Development Prizes: New Materials
High wear resistant Fe-sintered alloy slider for high-speed trains
A prize was awarded to Fine Sinter Co Ltd. for the development of a high wear resistant slider for high-speed trains (Fig. 4). The slider, or contact strip, is designed to collect electric currents and transmit them to train vehicles through a pantograph from the trolley wire. The basic requirements for the slider are high wear resistance and a low level of attack on the trolley wire. Among many expendables in railway vehicles, the slider is most frequently replaced and, consequently, represents one of the highest costs in train maintenance. Recently, increases in train running speeds have made it necessary to improve the wear resistance of sliders at high speeds.
The aim of this development was to significantly decrease slider wear and to reduce the level of attack on the trolley wire, through the provision of good lubrication, and to maintain good mechanical properties. In order to increase wear resistance in the high-speed range, while maintaining good lubrication and high mechanical properties, a MnS-containing, free-cutting Fe powder was used as the matrix and a complex mixture of Fe-based and Cr-based hard particles was added. In addition, by avoiding the sulfurisation treatment used in conventional sliders, an improvement of more than 40% on lead-times was achieved without any cost increase.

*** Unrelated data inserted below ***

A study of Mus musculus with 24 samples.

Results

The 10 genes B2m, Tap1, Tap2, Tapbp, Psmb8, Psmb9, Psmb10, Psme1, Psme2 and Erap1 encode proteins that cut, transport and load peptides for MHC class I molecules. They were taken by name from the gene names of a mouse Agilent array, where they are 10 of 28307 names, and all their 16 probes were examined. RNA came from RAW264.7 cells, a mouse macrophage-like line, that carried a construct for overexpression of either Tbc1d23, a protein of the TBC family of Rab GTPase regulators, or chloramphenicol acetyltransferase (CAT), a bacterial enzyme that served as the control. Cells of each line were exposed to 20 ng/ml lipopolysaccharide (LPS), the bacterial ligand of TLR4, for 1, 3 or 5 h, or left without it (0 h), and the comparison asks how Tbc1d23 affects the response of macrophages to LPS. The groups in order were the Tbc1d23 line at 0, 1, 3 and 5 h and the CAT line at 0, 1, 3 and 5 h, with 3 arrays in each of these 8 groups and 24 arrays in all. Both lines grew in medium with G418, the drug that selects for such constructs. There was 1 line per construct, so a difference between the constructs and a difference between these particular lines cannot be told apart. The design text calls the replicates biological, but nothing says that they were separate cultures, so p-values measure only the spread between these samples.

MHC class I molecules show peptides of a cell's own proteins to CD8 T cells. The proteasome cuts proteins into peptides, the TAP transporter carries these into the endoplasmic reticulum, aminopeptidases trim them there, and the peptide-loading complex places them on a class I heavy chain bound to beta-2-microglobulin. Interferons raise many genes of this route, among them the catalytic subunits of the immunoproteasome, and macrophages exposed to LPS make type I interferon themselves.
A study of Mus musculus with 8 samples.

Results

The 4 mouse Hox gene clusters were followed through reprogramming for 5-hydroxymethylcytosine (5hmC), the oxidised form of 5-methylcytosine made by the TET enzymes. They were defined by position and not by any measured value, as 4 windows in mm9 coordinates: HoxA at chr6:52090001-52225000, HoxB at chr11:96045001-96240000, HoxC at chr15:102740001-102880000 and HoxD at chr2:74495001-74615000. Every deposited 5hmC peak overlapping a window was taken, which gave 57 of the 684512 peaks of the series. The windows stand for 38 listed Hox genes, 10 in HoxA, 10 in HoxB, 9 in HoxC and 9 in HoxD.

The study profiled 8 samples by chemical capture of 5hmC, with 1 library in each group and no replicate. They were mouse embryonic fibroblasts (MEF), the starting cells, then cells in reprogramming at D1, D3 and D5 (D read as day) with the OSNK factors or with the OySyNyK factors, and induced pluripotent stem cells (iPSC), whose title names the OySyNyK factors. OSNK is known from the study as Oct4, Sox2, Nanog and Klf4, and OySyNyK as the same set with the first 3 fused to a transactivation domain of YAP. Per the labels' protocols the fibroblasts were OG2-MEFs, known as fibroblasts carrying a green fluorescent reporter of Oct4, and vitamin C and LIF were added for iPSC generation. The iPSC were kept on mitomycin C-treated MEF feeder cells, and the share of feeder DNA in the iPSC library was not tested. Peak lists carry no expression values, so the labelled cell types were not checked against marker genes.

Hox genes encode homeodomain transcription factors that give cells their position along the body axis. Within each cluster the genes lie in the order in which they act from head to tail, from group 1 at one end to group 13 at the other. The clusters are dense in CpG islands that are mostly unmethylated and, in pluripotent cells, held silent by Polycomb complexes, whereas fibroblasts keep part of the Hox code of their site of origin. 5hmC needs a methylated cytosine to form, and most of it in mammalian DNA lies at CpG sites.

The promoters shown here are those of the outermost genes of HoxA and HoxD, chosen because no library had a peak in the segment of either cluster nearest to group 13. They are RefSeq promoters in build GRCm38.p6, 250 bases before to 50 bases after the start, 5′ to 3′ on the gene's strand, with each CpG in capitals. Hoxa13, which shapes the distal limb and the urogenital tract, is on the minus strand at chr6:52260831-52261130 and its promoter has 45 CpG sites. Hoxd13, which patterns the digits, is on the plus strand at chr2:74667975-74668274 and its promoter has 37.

A wear test at 300 km/h relative running speed found that slider wear was improved by 38% and the level of wear on the trolley wire was equal to or better than that of a conventional slider.
Development of an Fe-Cu system oil-impregnated sintered bearing with excellent high pressure resistance and wear resistance
Diamet Corporation won a further award for the development of a bearing that is designed to form part of the armature used in an electronically controlled wiper motor, as a typical application example (Fig. 5).
In order to improve pressure and wear resistance, the company targeted excellent sliding and lubricating performance with higher hardness and strength than conventional Fe-Cu system oil-impregnated sintered bearings.
For better sliding characteristics, the developed bearing material incorporated a large amount of copper (exceeding the solubility limit in iron) and had a microstructure with a large fraction of copper phases. In addition, as a result of optimising the raw material particle size of the copper powder and graphite and the sintering conditions, the material has become an Fe-Cu system composite structure, in which undissolved copper phases and free graphite are dispersed and distributed, resulting in high hardness and high strength. Furthermore, Diamet succeeded in securing the dimensional accuracy of the sizing process by making the dimensional change rate in sintering almost zero (< 0.1%).
The developed bearing material is said to achieve a wear resistance of more than four times that of a conventional bearing, under the electronically controlled wiper motor operating conditions. The material has high hardness and high strength, but also has excellent lubricating properties, sliding performance and dimensional accuracy. Diamet stated that there is no other example of this type of bearing material in the marketplace.